A book we often recommend to members is Getting Unstuck:
“All of us, like Becky, can suddenly find ourselves stuck and miserable. These feelings might come at predictable moments: the loss of a job; the end of a romance; the departure of a child and the sudden yawning of an empty nest; or the death of someone who has long helped us feel recognized, loved, and appreciated. But they might also come at unpredictable moments: when the job of a lifetime somehow loses its juice; when we ache for intimacy but can’t seem to find the right partner; when we find ourselves longing to renew a sense of life’s adventure.
We find ourselves at an impasse, and we suffer. At work we feel stale or unchallenged—or fret that we are not progressing to a more rewarding role. In our personal lives we feel agitated, deflated, or downright bored. We are desperate to discover a meaningful way to contribute at work, to find a reinvigorated role in our families, and to dive back into the current of our own lives. We sense that life is flowing all around us, but we sit like a boulder in a river, at a loss about how to be swept back in and transformed by the river’s great energy.
We know well the experience of being carried off by this energy, when we experience the surge of life, when our ideas and the will to act on them come from a well deeper than our own small selves. We feel connected; things get done; we sense something exciting is at hand. We are, as the psychologist Mihaly Csikszentmihalyi would say, “in the flow.”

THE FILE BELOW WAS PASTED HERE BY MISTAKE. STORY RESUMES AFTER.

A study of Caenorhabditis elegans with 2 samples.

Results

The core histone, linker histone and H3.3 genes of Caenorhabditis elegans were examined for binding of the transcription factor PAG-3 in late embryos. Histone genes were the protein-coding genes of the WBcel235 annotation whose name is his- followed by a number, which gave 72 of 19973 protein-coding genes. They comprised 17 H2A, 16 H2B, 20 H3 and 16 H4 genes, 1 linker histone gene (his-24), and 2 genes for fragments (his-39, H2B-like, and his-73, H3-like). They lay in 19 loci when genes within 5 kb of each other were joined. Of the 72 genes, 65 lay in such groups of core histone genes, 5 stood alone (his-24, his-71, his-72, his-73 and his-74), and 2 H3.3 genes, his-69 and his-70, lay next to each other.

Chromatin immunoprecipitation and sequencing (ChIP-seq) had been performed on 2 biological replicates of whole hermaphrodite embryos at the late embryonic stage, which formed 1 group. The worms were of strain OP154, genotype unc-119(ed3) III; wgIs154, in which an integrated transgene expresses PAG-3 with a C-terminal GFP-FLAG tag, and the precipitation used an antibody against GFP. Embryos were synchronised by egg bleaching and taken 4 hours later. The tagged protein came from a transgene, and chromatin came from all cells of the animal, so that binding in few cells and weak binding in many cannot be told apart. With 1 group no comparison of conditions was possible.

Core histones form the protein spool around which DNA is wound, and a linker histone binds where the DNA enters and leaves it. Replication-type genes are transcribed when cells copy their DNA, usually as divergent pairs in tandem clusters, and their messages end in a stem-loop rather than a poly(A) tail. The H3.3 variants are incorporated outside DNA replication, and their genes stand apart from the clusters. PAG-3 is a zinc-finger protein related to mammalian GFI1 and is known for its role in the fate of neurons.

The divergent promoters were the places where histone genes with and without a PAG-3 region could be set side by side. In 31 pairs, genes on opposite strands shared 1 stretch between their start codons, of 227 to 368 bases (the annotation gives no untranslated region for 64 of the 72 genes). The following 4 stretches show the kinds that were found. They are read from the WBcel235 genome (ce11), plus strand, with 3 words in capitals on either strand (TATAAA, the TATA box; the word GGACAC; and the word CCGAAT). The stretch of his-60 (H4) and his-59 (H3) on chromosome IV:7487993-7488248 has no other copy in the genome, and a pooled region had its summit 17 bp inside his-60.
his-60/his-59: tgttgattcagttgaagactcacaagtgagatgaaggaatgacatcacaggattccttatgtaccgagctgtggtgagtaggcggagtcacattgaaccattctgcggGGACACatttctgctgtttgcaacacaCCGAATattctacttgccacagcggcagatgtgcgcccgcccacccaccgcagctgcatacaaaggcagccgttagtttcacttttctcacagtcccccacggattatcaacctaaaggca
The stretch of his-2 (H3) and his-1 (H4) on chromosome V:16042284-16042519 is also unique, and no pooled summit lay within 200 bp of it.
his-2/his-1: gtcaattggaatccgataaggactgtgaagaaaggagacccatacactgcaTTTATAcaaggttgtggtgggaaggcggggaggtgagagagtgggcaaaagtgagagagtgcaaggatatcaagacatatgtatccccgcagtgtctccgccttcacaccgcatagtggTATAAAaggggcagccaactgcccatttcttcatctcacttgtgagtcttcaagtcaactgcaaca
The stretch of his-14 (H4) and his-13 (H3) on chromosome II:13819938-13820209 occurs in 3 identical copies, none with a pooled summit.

When we are at an impasse, we often cannot even sense this flow—or how close to it we may be. We cannot see how close we are to a dynamic dislodging that would place us back into the energy of the moving current. When we are feeling stuck, we forget that the next thing that will wake us up and energize us deeply is already in motion, upstream, moving toward our awareness. When we have run aground, we sometimes fail to realize that this is a necessary crisis, without which we cannot grow, change and—eventually—live more fully in a larger world.
Vision as it is used here is not merely a plan for the future; vision is a renewed sense of purpose in our day-to-day work. It entails stopping, reflecting, imagining, and then acting—stepping anew into the creative flow. It requires building, over time, a clearer and more immediate sense of the patterns of activities, people and environments that are most likely to be rewarding. Vision allows us to tap into what is already moving within us at a deeper level, already asking for fuller expression. With vision, we are better able to recognize what resources, behavior changes, and relationships we will need in order to reconnect with what is most important to us.
When we have a sense of vision, we feel more connected to the world, more alive. The gap between our thought and action, our internal world and external world, vanishes and we more fully occupy our “self.” Our everyday choices feed off our vision the way a lantern flame feeds off kerosene.”